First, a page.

Why Zambia? You usually do nothear much about Africa when you live in Switzerland. Yes, we are generally aware that there are many children dying of hunger and starvation in Africa. We also know that many people Africa are infected with HIV or that there is currently hyperinflation in Zimbabwe. But - these are not problems we usually have here in Switzerland. We are more concerned about which of our local states ('Kanton') will be excluded by one of the political parties. Or we spend billions just to find out which country is the best in the world of soccer.
In December of 2007 I became aware of a report by Claire. She had spent four months in Zambia the year before. I was immediately interested and fascinated and was mulling over the possibility of doing such stay myself, maybe after finishing my apprenticeship. Much did I know at that time that a mere six months later I would find myself indeed right there in Zambia... Two months after this initial contact I was made aware of an upcoming project in Ndola in summer of 2008, including the fact that volunteers were being recruited to help build an extension to a school.
And so, us four Swiss (Claire, Pascal, Maurice, and I) arrived after more than 28 hours of traveling, including changing planes three times, in Ndola and were greeted by a throng of excited and singing children at the local airport.
Already the next morning we toured the school and thus also the village where these children live. Life in Mackenzie means no electricity and no running water. 350 children are lucky enough to attend classes in the Mackenzie Community School. In the two classrooms available, three teachers each conduct classes for grades one through four. Attending classes is free for these children, which means that operation of the school can only be maintained by private donations. Unfortunately, there is not enough space to also host a fifth grade, which forces Mackenzie's students to go to a public school after grade four. Many cannot afford the costs associated with doing so.
Thanks to generous support, the sponsoring organization for Mackenzie Community School was now in a position to buy the necessary building materials to add a third classroom as well as a small library room. And now was the time – altogether fourteen young people from Switzerland and the USA had traveled to Zambia in order to assist with this construction project.
We used cement and gravel to form the typical concrete building blocks. Of course, this also required water which we had to pump by hand from a well first. Mixing the concrete was also done by hand as there is no electricity to operate machinery. Nevertheless, we progressed rather quickly, despite the lack of tools.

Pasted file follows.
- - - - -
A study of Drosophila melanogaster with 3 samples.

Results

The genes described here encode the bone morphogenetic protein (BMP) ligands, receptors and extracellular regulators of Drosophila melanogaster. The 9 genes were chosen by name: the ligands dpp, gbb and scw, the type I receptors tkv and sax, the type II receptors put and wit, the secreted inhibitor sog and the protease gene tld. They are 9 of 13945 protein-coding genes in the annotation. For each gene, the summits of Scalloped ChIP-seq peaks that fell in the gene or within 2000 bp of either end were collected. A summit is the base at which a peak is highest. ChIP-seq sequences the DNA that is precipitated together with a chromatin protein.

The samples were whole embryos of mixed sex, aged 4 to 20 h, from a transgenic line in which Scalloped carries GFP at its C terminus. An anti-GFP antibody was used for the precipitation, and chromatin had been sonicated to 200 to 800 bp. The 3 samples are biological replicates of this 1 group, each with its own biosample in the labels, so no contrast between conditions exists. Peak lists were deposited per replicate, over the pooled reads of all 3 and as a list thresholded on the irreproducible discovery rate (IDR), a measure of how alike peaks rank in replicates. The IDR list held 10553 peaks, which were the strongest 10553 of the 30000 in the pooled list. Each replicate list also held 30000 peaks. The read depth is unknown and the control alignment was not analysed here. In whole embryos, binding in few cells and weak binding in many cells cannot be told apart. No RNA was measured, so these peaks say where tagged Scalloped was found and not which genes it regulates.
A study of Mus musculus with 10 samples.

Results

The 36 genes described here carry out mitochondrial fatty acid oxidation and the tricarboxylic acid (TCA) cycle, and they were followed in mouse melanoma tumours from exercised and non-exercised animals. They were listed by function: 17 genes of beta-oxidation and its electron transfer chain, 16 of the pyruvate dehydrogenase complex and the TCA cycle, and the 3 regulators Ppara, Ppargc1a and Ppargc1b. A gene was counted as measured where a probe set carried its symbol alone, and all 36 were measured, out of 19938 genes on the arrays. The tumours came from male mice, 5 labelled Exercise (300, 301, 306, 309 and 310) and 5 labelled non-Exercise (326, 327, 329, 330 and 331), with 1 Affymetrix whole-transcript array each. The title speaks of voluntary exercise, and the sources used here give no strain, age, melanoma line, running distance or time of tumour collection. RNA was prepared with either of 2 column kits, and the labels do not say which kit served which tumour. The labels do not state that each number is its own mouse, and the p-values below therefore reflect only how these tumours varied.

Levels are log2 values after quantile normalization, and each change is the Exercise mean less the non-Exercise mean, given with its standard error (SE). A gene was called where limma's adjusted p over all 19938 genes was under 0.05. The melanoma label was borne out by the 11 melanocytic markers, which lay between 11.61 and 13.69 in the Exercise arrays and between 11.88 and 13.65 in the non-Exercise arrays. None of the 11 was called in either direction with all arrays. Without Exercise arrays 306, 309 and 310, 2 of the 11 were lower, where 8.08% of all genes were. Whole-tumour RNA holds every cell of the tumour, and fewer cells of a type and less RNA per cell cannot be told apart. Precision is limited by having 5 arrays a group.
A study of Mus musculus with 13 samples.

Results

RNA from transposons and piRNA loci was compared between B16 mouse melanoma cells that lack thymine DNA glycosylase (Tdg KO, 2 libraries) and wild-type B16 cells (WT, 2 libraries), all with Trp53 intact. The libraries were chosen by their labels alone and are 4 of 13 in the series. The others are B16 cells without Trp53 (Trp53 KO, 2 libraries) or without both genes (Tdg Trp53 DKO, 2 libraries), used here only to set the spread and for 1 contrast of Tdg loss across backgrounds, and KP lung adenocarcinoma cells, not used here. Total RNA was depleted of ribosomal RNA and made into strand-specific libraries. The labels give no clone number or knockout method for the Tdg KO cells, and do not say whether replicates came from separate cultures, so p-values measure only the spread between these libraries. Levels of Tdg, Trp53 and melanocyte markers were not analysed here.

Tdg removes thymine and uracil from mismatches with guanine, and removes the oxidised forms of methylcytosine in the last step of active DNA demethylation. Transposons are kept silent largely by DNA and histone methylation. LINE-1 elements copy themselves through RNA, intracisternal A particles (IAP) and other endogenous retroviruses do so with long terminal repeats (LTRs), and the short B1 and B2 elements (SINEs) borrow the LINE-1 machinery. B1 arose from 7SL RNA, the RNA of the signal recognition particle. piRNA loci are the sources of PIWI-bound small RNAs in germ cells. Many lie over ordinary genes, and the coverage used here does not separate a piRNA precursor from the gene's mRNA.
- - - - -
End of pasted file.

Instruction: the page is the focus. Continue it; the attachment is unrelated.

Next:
In between we also took some tours. One day we visited the St. Anthony Orphanage. I was rather surprised to see so many happy faces among the kids there. All of them wanted to be hugged, lifted, or simply held in our arms. These children are content and happy with so little, especially when one considers the journey that most of them already have behind despite their young age. This indeed stopped me in my tracks and made me think. Many of these disabled physically challenged children have next to no future. Many of them die before even reaching the age of 10.
It dawned on me that in Switzerland these children would have had at least a life if not a future. I realized that I, too, could have been born disabled in Africa. But for reasons that escape me I was born healthy in Switzerland. Isn't that cool? But now I was here in Africa in order to help exactly such kids.
We donated a couple of boxes with clothes and shoes to the orphanage. When it was time to leave, I realized that I would not see many of these children again.
Of course, we also toured the country a bit. We visited Livingstone, the Victoria Falls as well as the capital of Zambia, Lusaka. While in Lusaka, together with local students we helped to clear up the enormous amounts of garbage that are present everywhere. 'Keep Zambia Clean' was our motto for this activity.
During one day in Mackenzie, we were invited to visit a 'friend' in the community. I visited Mike and Matthew. Mike is 25 years old and helped with the construction of the school. His mother died when he was six years old, his father two years after that. Since about half a year ago he now lives with his aunt in Mackenzie. Together, we cooked sweet potatoes and Nshima (a corn mash).
For this purpose, I had brought some gifts from Switzerland. The chocolate, a Swiss army knife as well as a soccer shirt caused a lot of joy and excitement. But I was humbled and surprised when I realized that in return, they also had prepared gifts for me.
And now? Now I am back in Switzerland! I can take hot showers, let liters of fresh, clean drinking water run from a tap and do not even have to operate a pump to do so. I have a safe home, a family and can basically buy anything I want and need. But I have notforgotten the people in Africa. I want to continue helping them.